The Classical Source once again brings you a handy guide to all ten of the Metropolitan Opera productions included in this season’s international broadcast series.
Who wrote it?
Time was when Verdi’s Aida was considered the absolute epitome of what Grand Opera was about – exotic location, huge forces, dancers and (it was assumed) wild animals – not to mention some amply endowed and voiced singers. Yes, animals aside, the shortish final scenes of the first two Acts are demanding of resources, but elsewhere the opera is more intimate than is often assumed.
Aida was commissioned for the opening of the Cairo opera house built in 1869 as part of the celebrations for the new Suez Canal. In the event logistical issues relating to the scenery and costumes becoming trapped in Paris owing to the Franco-Prussian war the opera was not performed in the Cairo theatre until two years later. Verdi did get the premiere opera there nonetheless – a production of Rigoletto. Sadly, the Cairo house no longer stands.
Verdi’s librettist was Antonio Ghislanzoni, who fashioned the Italian libretto, basing it on French prose penned by Camille du Locle with input from the composer. He and du Locle had worked together on Don Carlos. Their French version of Aida was itself an elaboration of an invented scenario, set in Egyptian antiquity, devised by the archaeologist/Egyptologist August Mariette, himself instrumental in the commissioning of the new opera house.
The initial Cairo performances of Aida, and its subsequent staging at La Scala, were huge successes, but in the last few decades productions have become fewer, largely owing to financial resources needed for a spectacle to satisfy expectant audiences, but also one suspects owing to the paucity of great Verdian voices able to do justice to the hugely demanding principal roles.
What’s it about?
Egypt and Ethiopia are locked in a brutal war. The Ethiopian princess Aida has been captured and has become a slave to the jealous and imperious Egyptian princess Amneris; luckily her own royal status is unknown. Amneris is in love with Radamès, a young and ambitious captain of the Egyptian army, but to her annoyance he seems resistant to her charms; he loves Aida.
Ramfis, leader of the high priests, announces the gods have selected Radamès to lead the Egyptian forces against Ethiopia. Aida is torn between love for the man who should be her enemy, and love for her country. Suspecting Aida is Radamès’s lover, Amneris tricks her into declaring her love for the captain, and almost into revealing her true identity.
The Egyptian forces return triumphant and the Pharaoh awards Amneris to Radamès as bride. Radamès makes a plea to the Pharaoh to free the slaves, but the priests and peoples demur. Then one captive prisoner states he saw the Ethiopian king fall in battle; in reality he is Amonasro, Aida’s father. They are reunited, though Amonasro demands Aida keep their identities secret. He then applies emotional and patriotic pressure on Aida to trick Radamès into revealing the next manoeuvres of the Egyptian forces as he plans an ambush.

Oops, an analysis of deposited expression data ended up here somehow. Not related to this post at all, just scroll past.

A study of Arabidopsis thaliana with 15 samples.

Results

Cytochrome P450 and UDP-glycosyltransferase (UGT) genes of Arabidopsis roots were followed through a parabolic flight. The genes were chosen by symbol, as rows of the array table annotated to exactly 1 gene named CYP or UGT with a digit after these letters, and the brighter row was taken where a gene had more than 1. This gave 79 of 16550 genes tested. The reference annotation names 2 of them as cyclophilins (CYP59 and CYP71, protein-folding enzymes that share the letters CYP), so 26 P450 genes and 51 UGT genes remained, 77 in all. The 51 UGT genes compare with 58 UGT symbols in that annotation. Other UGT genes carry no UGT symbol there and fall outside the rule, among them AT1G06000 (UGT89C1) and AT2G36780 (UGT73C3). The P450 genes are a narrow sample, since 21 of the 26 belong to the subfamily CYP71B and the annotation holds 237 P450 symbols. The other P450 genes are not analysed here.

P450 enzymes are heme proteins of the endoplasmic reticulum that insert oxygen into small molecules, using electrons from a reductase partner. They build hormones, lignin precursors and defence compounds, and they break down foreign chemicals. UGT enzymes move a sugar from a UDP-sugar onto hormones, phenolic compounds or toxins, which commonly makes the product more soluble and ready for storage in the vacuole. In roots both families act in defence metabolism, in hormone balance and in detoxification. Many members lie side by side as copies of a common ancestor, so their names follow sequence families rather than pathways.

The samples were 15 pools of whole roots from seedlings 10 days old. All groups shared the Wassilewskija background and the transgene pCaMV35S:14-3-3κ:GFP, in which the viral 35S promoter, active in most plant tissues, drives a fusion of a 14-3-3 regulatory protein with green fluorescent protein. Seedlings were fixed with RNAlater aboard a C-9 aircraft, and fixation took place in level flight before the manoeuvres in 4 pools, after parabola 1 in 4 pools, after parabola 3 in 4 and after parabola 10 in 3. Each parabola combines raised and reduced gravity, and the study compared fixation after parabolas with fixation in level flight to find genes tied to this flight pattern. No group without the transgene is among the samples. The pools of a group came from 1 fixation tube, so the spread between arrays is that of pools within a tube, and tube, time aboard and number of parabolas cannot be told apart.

Reluctantly Aida complies, but as she and Radamès plan to flee they are interrupted by Amneris and Ramfis. Aida and Amonasro escape but Radamès is arrested. At trial, despite Amneris’s pleas for clemency, he is condemned to die by being enclosed alive in a tomb. Amneris rails against the priesthood and curses them. Whilst waiting death, Radamès finds Aida concealed in the tomb and they die together, as Amneris mourns her loss in the temple above ground.
Look out for...
Many parts of this opera are justly famous – march, ballet, grandness. Elsewhere Verdi shows much innovative scoring – the sultry evening by the river at the start of the third Act is particularly evocative. The principals all get some fabulous arias. The tenor singing Radamès has the first star turn with ‘Celeste Aida’, with a soft B-flat finish, assuming the tenor attempts it! Elsewhere he has the chance to demonstrate heroics, but in the final Act the ability to sing softly and lyrically is a must.
Aida also has some fiendishly difficult and celebrated arias, and the role of Amneris is a gift of a part for a dramatically inclined mezzo-soprano, one of the great roles of its type. Her big scene is at the start of the final Act where she implores Radamès to defend himself, and when she then vents her fury at the implacable priests. This culminates in a thrilling curse. Amonasro, sung by a baritone, has two important moments, and the bass role of Ramfis is also a pivotal presence.
Who’s in it?
There is keen anticipation for the Aida of Anna Netrebko, her first for the Met. Her rich velvety voice and secure technique should make her a natural for this role. Opposite her as Amneris is Anita Rachvelishvili – a singer with dramatic temperament to match – expect fireworks! As Radamès the Met has cast the clarion-voiced Aleksandrs Antonenko, whilst Quinn Kelsey takes on Amonasro. Nicola Luisotti conducts this revival of Sonja Frisell’s monumental and traditional production.
When’s it on?
If you are in New York City then the matinee is live at the Met itself. Otherwise it is broadcast to cinemas on October 6.